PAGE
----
Golf carts, ATVs will be allowed on Wauconda streets -- with conditions

  • A golf cart is used to get around at Del Webb's Sun City in Huntley. Wauconda has approved a new ordinance allowing golf carts and "non-highway" vehicles to travel on village streets.

    A golf cart is used to get around at Del Webb's Sun City in Huntley. Wauconda has approved a new ordinance allowing golf carts and "non-highway" vehicles to travel on village streets. Daily Herald file photo

Updated 3/22/2023 5:31 PM

A new ordinance in Wauconda will allow golf carts and other "non-highway" vehicles to be driven on village streets, subject to an inspection and other conditions.

Stickers were being ordered Wednesday and other processes finalized in advance of rules intended to improve safety and give police authority to regulate and enforce the use of golf carts, all-terrain and utility-terrain vehicles.


Over the past several years the village has received "an abundance of complaints" about those types of vehicles being driven recklessly and creating a nuisance, according to police Chief David Wermes.

Illinois law generally says those types of vehicles can't be driven on streets, roads or highways. But individual municipalities can decide when and where golf carts and the like can be used and Wermes began researching the topic.

Draft regulations were presented and discussed by the village board at informal committee of the whole sessions in December and February and modifications made during the process.

Initially, the proposed rules applied only to golf carts used solely for recreational use to and from Bangs Lake beaches and restricted to areas nearby.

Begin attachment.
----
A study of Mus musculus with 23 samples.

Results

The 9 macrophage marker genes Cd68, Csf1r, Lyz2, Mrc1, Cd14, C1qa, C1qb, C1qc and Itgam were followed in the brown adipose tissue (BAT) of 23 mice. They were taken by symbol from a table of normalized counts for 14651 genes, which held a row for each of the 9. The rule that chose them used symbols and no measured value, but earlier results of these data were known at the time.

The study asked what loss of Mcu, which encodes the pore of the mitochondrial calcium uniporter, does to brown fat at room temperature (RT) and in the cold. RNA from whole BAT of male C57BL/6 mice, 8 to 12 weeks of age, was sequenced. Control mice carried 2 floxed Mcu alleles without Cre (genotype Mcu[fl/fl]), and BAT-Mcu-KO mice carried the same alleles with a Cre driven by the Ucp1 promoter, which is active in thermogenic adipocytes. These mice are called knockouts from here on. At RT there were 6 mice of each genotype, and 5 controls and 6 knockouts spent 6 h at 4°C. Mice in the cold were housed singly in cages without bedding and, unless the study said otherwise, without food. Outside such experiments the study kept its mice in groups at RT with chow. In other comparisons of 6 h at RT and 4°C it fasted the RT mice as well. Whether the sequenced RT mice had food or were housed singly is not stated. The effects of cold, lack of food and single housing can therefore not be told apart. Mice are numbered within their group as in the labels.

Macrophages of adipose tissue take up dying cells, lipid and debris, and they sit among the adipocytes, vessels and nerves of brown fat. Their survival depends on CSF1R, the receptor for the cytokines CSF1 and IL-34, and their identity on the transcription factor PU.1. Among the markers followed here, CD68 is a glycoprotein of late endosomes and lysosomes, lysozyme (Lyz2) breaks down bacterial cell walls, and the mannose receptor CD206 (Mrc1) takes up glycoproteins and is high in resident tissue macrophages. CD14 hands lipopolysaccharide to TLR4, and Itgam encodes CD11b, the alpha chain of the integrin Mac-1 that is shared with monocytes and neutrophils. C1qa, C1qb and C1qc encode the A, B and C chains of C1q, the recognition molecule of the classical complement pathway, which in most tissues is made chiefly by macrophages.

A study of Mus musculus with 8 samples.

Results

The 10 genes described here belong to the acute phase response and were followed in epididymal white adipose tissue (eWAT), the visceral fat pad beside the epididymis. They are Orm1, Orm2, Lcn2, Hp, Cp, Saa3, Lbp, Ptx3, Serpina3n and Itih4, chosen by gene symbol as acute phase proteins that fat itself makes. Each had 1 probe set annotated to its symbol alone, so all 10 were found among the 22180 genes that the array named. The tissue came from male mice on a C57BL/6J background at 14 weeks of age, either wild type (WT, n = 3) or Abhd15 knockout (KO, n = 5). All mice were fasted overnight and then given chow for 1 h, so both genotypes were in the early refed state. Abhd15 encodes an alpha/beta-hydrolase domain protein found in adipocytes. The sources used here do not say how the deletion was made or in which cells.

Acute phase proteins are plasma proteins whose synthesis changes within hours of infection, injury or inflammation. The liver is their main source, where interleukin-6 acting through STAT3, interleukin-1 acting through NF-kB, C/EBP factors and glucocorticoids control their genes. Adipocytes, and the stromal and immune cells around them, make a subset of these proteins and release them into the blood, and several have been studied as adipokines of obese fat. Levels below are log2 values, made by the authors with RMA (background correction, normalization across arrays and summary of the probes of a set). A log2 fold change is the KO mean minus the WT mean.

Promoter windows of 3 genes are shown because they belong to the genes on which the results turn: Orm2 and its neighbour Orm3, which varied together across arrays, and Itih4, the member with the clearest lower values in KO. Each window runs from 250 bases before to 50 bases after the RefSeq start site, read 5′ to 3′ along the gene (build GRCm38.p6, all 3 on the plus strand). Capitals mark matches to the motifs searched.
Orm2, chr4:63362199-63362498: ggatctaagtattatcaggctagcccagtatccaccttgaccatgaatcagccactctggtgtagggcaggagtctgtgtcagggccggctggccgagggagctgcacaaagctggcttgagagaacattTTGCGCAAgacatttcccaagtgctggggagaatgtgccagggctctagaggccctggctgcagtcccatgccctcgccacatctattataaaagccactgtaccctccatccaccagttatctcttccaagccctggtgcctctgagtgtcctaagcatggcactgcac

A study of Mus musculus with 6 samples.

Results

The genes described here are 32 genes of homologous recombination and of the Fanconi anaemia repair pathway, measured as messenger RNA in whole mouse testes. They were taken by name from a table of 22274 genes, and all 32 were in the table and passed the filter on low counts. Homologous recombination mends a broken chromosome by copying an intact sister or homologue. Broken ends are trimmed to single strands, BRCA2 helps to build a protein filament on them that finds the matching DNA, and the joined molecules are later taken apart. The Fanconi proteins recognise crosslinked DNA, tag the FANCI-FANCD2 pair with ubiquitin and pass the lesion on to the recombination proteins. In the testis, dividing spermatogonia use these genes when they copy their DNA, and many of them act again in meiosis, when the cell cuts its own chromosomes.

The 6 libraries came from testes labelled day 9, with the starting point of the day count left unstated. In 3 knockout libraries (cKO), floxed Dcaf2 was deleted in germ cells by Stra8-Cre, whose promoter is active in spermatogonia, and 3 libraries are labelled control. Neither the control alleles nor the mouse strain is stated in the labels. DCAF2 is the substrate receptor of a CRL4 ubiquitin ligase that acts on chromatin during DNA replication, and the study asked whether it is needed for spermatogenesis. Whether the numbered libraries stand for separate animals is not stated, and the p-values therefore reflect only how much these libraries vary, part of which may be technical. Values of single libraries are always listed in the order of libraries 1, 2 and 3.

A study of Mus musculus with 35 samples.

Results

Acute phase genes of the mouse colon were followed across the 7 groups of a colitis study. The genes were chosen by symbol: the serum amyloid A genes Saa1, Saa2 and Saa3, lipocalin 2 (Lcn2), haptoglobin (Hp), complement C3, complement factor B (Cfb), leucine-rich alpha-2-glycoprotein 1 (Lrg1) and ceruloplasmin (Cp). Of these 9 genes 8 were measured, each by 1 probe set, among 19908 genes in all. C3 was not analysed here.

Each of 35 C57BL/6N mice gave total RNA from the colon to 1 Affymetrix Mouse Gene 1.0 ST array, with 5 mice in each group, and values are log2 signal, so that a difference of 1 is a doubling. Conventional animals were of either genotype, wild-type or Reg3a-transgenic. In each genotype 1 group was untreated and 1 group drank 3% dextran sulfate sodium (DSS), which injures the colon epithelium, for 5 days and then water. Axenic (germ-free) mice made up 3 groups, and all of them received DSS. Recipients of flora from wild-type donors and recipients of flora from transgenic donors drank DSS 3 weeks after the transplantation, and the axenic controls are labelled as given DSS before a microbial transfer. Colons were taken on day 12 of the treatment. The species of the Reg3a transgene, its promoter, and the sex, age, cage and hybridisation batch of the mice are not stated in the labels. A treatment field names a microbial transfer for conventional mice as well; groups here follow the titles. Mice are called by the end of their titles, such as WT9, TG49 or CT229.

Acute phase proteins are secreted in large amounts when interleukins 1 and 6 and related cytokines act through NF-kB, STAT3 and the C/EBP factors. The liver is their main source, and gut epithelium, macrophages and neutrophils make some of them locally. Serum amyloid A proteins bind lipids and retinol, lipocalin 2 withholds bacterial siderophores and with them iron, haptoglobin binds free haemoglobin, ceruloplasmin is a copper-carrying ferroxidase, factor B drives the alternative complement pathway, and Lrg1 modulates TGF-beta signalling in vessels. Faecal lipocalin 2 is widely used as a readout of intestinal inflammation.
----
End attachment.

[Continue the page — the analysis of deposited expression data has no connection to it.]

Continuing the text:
"This is how I believe things should work when it comes to government," he said. "We took their concerns and suggestions and incorporated them into the ordinance.

The six-page ordinance outlines rules and requirements involving the operation of the vehicles as well as safety, registration, inspection, designated parking areas, violations and other aspects.

Applicants must sign a waiver releasing any claim against the village, according to the ordinance.

"We don't share in any of the responsibility of what they're doing," Wermes said.


Among the requirements are that operators must be 18 or older and have a driver's license and insurance. To drive on local streets, golf carts, ATVs and UTVs must be registered with the village and pass an inspection for required equipment.

Golf carts, for example, must have a rearview mirror, headlight that can be seen from 500 feet, brake lights and turn signals.

Allowable hours are sunrise to 10 p.m., but non-highway vehicles can't be operated in bad weather or when visibility is impaired by weather, smoke, fog or other conditions.

The initial nonrefundable registration fee is $75 and is effective for one year from May 1 to April 30. The subsequent annual renewal and reinspection fee is $50. The registration can be revoked and a fine of up to $750 imposed for violations, according to the ordinance.

Other rules: vehicles can only transport as many passengers as seats available and are not permitted on state highways or Route 12. Route 176 and Bonner Road can be crossed at a 90-degree angle at six designated points. Parking is not allowed on downtown streets but only in the municipal lot at West Mill Street and South Maple Avenue.

Wermes expected the department to be busier as a result of the new rule but doesn't initially plan on having special patrols for enforcement.

Other communities that allow golf carts and similar vehicles include Island Lake, Huntley, Lakewood, Wonder Lake and Fox River Grove, Wermes said.